If you wear a bra, then you are already aware of some of the discomforts that accompany them. What many may not be aware of is something called Bra Strap Syndrome.
This may also sometimes be referred to as Costoclavicular Syndrome or Thoracic Outlet Syndrome. But what is Bra Strap Syndrome exactly? Let’s take a look.
History of Bra Strap Syndrome
With the soldiers the syndrome was due to the carrying of heavy, oversized backpacks. This resulted in problems with mobility and weakness and/or pain in the arms, noticeable while the soldiers were standing at attention.
What Bra Strap Syndrome Is for Women
When a woman wears a bra with the wrong size straps it can result in several issues. One such complication can be excess pressure on the shoulders. This is especially an issue from wearing bras that have straps that are too narrow or too small.
In addition to the shoulders, it can also cause undue pressure on the collarbone. All of this extra pressure can lead to your Thoracic Outlet (the space between the collar bone and first rib) closing up.
In turn, all of this can result in the compressing of the nerves throughout the torso.
Damage to these nerves can cause a multitude of issues, including:
- Limited movement in arms
- Tingling sensation (pins and needles) in arms
- Weakness throughout arms and/or hands
- Indentions in the shoulders
- Blue and/or swollen hands and fingers
Who Is Affected by Bra Strap Syndrome?
Literally anyone who wears a bra regularly can be affected. It can be women of any age or shape, as most women do not wear proper fitting bras.
However, Bra Strap Syndrome is more likely to occur in older women and/or obese women. Just as likely, those women with larger breasts who choose smaller, thinner strapped bras will have an increased risk.
How Do You Know if You Have Bra Strap Syndrome?
There are several tell-tale signs that you may be suffering from Bra Strap Syndrome. A few of these symptoms may include:
- Pain in the shoulders accompanied by tingling in the hands
- Marks or indentions on the shoulders that remain after your bra is removed
- Feeling pain when moving your shoulder with no other soreness or weakness noticed
- Your hands turn bluish and be swollen or puffy
While no definitive test is available to diagnose Bra Strap Syndrome, the most important clue will be the deep indentions on your shoulders.
You may also notice that pressing down on the marks on your shoulders that it brings some relief. This may very well indicate nerve damage. Your doctor should be consulted to help further identify if you are suffering from Bra Strap Syndrome.
Caring for Bra Strap Syndrome
Again, while there is no clear cut test to diagnose Bra Strap Syndrome, you can take measures to care for the symptoms.
One key point to care for your damaged nerves is to eliminate the cause! If you are wearing a bra with small, thin straps that are digging into your shoulders, get rid of them. Instead, change to either strapless or wide strapped bras.
In addition to changing your bra style, there are steps that may minimize the pain you suffer from Bra Strap Syndrome. Taking the time to practice these simple suggestions could make a tremendous difference.
- Moist Heat (apply for 5-10 minutes helps loosen muscles)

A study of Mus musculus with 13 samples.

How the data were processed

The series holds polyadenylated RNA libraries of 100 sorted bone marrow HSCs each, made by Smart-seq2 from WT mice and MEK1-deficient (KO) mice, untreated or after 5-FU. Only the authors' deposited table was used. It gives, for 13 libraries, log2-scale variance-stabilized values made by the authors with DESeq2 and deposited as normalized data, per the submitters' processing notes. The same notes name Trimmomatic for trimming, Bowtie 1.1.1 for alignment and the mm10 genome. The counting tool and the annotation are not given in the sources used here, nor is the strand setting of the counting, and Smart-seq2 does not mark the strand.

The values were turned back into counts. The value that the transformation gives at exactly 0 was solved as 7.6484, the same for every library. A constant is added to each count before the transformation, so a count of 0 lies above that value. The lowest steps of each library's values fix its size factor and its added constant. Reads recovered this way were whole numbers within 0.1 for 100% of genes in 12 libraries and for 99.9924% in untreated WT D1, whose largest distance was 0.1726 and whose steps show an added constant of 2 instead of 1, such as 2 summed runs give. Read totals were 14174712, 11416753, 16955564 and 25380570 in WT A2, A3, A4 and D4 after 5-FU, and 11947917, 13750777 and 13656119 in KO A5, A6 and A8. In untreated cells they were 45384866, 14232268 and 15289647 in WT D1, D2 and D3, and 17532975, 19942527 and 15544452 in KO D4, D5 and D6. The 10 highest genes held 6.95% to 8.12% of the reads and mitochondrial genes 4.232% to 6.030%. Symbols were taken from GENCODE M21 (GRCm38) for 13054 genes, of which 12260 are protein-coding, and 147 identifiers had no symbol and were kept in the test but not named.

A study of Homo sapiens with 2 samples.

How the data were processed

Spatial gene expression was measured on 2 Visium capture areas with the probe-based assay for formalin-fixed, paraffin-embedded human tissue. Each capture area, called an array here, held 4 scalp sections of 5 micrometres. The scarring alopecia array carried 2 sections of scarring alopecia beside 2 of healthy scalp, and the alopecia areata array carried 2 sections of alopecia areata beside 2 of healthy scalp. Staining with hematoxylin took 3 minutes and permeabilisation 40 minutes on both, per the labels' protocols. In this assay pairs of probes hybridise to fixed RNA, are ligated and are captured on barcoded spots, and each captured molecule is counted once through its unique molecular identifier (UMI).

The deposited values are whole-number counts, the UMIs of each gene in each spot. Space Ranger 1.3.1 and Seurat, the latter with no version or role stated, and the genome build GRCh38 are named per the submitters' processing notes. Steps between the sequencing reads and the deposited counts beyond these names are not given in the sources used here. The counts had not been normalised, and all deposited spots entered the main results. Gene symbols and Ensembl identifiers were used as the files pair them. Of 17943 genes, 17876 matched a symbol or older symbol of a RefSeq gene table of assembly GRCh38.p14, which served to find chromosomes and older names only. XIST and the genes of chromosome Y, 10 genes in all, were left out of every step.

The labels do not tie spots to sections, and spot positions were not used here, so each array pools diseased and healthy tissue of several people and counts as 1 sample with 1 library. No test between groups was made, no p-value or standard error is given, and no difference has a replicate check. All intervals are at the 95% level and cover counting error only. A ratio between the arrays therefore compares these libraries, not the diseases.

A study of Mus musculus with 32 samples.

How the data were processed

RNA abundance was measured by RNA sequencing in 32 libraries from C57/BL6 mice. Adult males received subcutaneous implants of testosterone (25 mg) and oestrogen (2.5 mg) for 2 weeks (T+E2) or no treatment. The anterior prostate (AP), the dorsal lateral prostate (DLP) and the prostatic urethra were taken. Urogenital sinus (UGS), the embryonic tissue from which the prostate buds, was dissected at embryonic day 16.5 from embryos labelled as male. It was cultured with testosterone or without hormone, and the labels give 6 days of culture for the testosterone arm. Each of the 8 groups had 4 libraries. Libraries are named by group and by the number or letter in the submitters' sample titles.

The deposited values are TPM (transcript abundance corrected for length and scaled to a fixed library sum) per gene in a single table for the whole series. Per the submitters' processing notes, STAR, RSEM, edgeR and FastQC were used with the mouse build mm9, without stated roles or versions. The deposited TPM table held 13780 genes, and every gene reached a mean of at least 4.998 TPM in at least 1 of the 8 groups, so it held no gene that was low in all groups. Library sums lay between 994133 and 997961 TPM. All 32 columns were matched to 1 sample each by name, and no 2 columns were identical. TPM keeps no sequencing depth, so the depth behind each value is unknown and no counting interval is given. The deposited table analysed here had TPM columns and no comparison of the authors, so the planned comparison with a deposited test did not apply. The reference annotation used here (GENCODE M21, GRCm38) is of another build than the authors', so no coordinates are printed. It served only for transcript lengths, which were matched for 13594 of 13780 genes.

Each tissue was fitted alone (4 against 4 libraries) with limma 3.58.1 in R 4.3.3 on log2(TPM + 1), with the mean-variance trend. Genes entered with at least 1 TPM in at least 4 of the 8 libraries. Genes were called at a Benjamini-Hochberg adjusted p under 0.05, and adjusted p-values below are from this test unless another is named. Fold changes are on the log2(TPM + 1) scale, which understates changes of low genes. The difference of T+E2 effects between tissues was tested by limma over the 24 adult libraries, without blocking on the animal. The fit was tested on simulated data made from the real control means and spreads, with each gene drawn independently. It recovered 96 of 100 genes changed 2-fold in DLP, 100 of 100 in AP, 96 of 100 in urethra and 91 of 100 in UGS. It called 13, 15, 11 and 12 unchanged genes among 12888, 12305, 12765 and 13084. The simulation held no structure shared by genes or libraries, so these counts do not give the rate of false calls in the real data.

- Stretch It Out (through yoga, etc. while focusing especially on your torso and between the chest and ribs)
- Lighten Your Load (avoid carrying heavy items like shopping bags, purses, etc.)
- Exercise Those Arms (slow, controlled motions as you lay on your side)
- Good Posture is Important (this helps to alleviate undue compression on your nerves)
You Can Prevent Bra Strap Syndrome
As mentioned, most women are not wearing the correct bra. Whether it be the wrong size, shape, straps, or other issue, Bra Strap Syndrome is preventable.
Here are just a few of the easy preventative measures you can take to avoid suffering from Bra Strap Syndrome.
Exercise – Regular exercise not only assist with weight management, it can also help your muscles stay loose and limber. Always make sure that you are wearing the right sports bra when exercising!
Measuring – Getting measured or fitted for your bra is essential. If you have never been measured, you are most likely wearing the wrong bra. Take the time to be fitted correctly.
Support – Your bra should offer adequate support. This is especially true in the band and under the breast area. Support coincides with getting measured, so that you wearing not only the appropriate size, but also the right shape to support your breasts.
Straps – Although this has been addressed here repeatedly, the size of the straps on your bra is important. Throw out those old spaghetti strap bras and find ones with wider, more comfortable straps.
Weight – Losing weight has tremendous health benefits as we all know. Another such benefit to help avoid suffering from Bra Strap Syndrome due to being obese. Excess weight is a major contributor, so shedding a few pounds is a great start.
One additional thing to remember is that your bra straps should NOT be fully supporting your breasts.
It is the job of the bra’s band to lift the weight from your breasts. If you find that your straps are still digging in to your shoulders, maybe a smaller band size is needed.
While the effects of Bra Strap Syndrome can be severe, they are easily treatable and even preventable.
Knowing the signs and causes is an excellent first step. Sharing this information with your daughters, mothers, sisters, and friends would be another great measure to combating this syndrome.